MAE Seminar: Mixed-methods Approaches to Studying Doctoral Engineering Attrition, Persistence and Cognition

McDonnell Douglas Engineering Auditorium (MDEA)
Catherine Berdanier

Assistant Professor of Mechanical Engineering 
Pennsylvania State University 

Abstract: My research, as a tenure-track assistant professor in mechanical engineering at Penn State, embeds human subjects and rigorous engineering education research within a disciplinary context, with a focus on graduate-level engineering education. Though the education of graduate students is under-studied compared with that of undergraduates, the intersection of sociological and psychological factors predicting attrition in graduate students is particularly unexplored. The lack of “socialization” is generally noted as a main reason for graduate attrition; however, few researchers seek to understand and characterize the socialization process or competency development for graduate engineering students. This seminar will introduce attendees to engineering education research through a sampling of findings from several of my ongoing studies focusing on graduate engineering students, including an NSF RFE grant exploring how various “invisible” competencies such as academic writing can impact persistence and career trajectories, and the most current findings from my recently awarded NSF CAREER grant, characterizing master’s-level departure from the engineering PhD. I will also introduce my most recent ‘experimental’ research employing eyetracking methods and machine learning to study engineering competencies.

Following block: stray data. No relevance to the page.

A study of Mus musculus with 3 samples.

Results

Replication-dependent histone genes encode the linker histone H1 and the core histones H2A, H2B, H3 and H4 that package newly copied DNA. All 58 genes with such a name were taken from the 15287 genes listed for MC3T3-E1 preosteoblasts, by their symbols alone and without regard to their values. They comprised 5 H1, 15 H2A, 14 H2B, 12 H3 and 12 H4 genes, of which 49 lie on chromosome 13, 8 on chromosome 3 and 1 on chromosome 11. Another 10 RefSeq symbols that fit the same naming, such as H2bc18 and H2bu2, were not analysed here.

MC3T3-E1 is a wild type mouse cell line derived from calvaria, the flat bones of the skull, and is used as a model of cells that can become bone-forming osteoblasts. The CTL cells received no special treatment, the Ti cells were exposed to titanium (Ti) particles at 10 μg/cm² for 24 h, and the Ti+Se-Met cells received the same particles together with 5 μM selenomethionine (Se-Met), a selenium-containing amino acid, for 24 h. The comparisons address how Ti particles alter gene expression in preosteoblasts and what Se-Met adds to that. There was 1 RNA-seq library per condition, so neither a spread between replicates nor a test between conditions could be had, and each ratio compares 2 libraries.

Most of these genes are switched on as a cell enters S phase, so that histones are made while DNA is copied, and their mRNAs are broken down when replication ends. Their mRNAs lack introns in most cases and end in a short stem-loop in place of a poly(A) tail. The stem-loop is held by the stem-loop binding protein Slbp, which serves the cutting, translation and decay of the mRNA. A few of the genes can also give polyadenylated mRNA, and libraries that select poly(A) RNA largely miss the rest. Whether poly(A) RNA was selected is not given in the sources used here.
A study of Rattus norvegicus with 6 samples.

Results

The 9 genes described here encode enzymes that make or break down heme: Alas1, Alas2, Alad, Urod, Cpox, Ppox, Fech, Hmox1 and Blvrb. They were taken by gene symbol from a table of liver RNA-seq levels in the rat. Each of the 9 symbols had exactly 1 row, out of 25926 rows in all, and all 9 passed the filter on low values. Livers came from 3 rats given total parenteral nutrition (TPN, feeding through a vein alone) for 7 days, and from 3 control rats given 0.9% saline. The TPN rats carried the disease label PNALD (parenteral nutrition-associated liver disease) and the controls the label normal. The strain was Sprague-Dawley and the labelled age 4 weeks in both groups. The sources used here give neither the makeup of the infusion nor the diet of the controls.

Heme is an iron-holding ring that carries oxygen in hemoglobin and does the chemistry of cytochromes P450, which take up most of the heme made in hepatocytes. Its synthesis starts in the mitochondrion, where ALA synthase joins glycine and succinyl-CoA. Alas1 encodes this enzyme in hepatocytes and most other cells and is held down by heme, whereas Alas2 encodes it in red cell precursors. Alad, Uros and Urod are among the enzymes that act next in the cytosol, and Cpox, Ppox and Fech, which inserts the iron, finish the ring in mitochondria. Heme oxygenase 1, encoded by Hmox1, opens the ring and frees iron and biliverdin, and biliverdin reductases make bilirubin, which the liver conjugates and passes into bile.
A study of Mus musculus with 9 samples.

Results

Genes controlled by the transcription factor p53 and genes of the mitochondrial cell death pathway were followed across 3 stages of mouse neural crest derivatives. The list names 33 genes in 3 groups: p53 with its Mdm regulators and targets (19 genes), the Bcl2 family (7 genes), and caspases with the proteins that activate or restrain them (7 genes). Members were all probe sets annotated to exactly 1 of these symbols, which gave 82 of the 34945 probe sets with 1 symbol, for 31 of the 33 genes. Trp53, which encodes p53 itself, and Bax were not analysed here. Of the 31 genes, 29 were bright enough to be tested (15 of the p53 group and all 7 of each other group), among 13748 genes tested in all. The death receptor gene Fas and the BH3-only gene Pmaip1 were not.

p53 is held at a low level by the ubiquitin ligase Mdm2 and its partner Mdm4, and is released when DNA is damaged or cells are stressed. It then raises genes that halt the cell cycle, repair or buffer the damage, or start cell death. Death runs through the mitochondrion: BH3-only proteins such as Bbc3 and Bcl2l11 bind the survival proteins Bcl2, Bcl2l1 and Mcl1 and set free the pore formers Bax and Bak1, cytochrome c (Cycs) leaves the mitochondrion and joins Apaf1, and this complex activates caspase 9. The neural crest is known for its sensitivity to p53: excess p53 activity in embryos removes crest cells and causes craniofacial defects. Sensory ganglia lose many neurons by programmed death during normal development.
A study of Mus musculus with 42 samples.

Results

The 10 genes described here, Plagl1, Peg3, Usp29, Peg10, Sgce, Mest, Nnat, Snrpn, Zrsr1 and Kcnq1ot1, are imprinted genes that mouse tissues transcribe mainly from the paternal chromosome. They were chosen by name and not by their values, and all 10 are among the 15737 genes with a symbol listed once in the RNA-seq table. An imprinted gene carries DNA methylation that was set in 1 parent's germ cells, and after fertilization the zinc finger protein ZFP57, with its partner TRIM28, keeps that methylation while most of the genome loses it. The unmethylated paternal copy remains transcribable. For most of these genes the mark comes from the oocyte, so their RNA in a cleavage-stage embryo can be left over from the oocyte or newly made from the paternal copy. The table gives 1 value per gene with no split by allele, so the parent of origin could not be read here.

Bio:  Catherine G.P. Berdanier is an assistant professor of mechanical engineering at Pennsylvania State University and is the director of the online MSME program at Penn State. She earned her B.S. in chemistry from The University of South Dakota, her M.S. in aeronautical and astronautical engineering and Ph.D. in engineering education from Purdue University. Her research interests include graduate-level engineering education, including doctoral student attrition and persistence; engineering writing; and engineering communication. Her research has been published in Journal of Engineering Education, International Journal of Engineering Education, IEEE Transactions on Professional Communication, and many other journal and conference venues. She is the recent winner of an NSF CAREER grant studying master’s-level departure from engineering doctorate programs.